View of Mount Fuji blocked in latest problem caused by booming tourist numbers

The ukiyo-e artist Hokusai was famous for his Thirty-six Views of Mount Fuji, woodblock prints deeply symbolic of Japan. But one famous view of the mountain, this time from the modern era, has just been blocked off.

Local authorities in Fujikawaguchiko, a holiday town in the mountain’s shadow, this week erected a barrier obstructing a view of the landmark that, from the right angle, made it appear to float above a convenience store in perhaps the ultimate illustration of traditional and modern Japan .

Visitors take photos of the view of Mount Fuji in front of a convenience store in Fujikawaguchiko.

Visitors take photos of the view of Mount Fuji in front of a convenience store in Fujikawaguchiko. Credits: AP

Although it might have been gold for your Instagram, the rush of tourists wasn’t appreciated by residents, who complained that visitors were littering, blocking access to services used by residents and spilling out dangerously onto the road in the quest for the perfect shot. The result: now no one gets to enjoy the view. It’s a solution to the problem that would cause The Simpsons′Mr. Burns proud.

The government has been promoting the country to foreign visitors for years with immense success: arrivals this year are expected to surpass the 2019 pre-COVID record, according to travel agency JTB Corp. Yet from increasingly unaffordable hotels to suitcase-clogged streets becoming nigh unwalkable, everywhere you see the downsides are mounting for ordinary residents.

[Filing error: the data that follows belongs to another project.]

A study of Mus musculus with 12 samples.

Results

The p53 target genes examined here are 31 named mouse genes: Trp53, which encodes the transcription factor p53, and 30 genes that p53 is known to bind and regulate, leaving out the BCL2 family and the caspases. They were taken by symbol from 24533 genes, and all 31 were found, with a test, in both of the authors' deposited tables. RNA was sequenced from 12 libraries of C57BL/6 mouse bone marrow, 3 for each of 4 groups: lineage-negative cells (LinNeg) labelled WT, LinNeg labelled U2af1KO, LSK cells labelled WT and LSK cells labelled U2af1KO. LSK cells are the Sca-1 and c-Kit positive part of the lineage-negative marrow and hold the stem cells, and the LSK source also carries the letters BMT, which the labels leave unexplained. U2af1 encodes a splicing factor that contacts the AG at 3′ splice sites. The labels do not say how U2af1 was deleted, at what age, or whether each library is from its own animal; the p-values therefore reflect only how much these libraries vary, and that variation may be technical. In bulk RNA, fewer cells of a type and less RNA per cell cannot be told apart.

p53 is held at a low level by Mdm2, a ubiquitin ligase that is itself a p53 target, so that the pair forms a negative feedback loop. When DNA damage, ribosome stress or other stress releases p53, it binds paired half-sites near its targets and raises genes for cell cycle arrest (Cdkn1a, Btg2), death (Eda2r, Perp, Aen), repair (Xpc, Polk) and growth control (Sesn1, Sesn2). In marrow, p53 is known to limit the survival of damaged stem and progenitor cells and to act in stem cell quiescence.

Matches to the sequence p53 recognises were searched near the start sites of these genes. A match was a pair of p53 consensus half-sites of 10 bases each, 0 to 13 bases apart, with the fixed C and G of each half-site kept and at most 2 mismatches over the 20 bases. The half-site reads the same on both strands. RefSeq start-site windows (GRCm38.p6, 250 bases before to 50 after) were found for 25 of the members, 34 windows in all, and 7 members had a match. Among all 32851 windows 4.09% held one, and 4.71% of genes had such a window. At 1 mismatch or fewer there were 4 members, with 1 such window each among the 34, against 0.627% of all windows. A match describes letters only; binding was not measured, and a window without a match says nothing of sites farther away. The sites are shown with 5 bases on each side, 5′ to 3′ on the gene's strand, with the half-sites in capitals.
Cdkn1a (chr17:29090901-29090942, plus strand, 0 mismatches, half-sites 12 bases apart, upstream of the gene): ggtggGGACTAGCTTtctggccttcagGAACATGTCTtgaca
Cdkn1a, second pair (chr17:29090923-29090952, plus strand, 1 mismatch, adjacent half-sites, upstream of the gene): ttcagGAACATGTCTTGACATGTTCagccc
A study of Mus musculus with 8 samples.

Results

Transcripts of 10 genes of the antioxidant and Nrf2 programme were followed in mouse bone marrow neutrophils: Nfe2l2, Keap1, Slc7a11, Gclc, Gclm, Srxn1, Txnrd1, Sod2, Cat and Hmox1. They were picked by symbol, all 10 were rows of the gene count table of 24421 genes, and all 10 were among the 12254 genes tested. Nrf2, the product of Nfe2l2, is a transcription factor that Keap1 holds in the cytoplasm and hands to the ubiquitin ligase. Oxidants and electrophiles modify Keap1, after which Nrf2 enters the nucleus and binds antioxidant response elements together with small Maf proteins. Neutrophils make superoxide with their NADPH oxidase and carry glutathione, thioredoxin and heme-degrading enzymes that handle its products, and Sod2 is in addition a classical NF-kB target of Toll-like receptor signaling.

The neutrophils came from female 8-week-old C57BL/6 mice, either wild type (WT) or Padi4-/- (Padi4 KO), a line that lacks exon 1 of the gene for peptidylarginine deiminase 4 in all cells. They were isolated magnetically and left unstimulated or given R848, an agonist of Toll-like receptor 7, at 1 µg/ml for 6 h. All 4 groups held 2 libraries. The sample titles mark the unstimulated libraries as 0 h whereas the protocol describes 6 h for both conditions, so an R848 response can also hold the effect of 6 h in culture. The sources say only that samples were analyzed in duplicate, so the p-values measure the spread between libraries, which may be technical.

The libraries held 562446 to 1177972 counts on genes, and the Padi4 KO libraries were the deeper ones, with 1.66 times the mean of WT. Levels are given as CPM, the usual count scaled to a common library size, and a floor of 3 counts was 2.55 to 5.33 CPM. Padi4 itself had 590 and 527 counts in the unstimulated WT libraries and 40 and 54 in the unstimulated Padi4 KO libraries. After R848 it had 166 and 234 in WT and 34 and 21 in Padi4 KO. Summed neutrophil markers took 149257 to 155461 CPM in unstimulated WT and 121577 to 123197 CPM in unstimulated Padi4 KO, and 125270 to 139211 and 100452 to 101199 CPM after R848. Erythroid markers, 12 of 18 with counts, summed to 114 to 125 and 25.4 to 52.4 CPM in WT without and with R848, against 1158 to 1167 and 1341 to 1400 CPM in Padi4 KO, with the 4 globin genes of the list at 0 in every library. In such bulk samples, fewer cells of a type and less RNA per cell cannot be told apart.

This dissatisfaction was articulated by one acerbic restaurant owner who last month took to social media to express mounting frustration with having to deal with tourists looking for English menus and service in their native language. The time and hassle involved in dealing with them doesn’t make sense for travelers who don’t spend much anyway, the owner explained.

The complaints split opinion, with some sympathising, while others defended the country’s vaunted omotenashi hospitality – a word so synonymous with the Japanese welcome that it has made it into the Oxford English Dictionary (“good hospitality, characterized by thoughtfulness, close attention to detail, and the anticipation of a guest’s needs”, in case you were wondering).

Fujikawaguchiko has become overrun by tourists thanks to the famous Fuji view.

Fujikawaguchiko has become overrun by tourists thanks to the famous Fuji view.Credits: AP

But just as in Fujikawaguchiko, that courtesy may be reaching its limits. Frustrated authorities and small-business owners are turning to new solutions to preserve their way of life. In Kyoto, where overtourism is most acute, tourists have been banished from the backstreets of the geisha district of Gion (though it’s unclear how this will be enforced), while the city is belatedly adding special buses for travelers amid complaints that elderly residents can’ t access public transport. In Hiroshima, one restaurant serving the local soul food of okonomiyaki (coincidentally, another word just added to the dictionary) has declared visitors verboten on Friday evenings, limiting entrance to prefectural residents and regulars.

Part of the problem is that the pain of dealing with tourists is readily apparent, but the benefits – whether increased tax revenue or booming businesses – are often less visible. With about 40 per cent of visitors coming to Japan for the first time, and social media pushing people to the same locations, some destinations are deserted while others are well past capacity. Especially with the yen trading at about 100 to the Australian dollar (and even better if you’re an American tourist), foreigners can travel well without spending that much at all. This exacerbates the frustration in a country where real wages have been stagnant for decades and are now declining.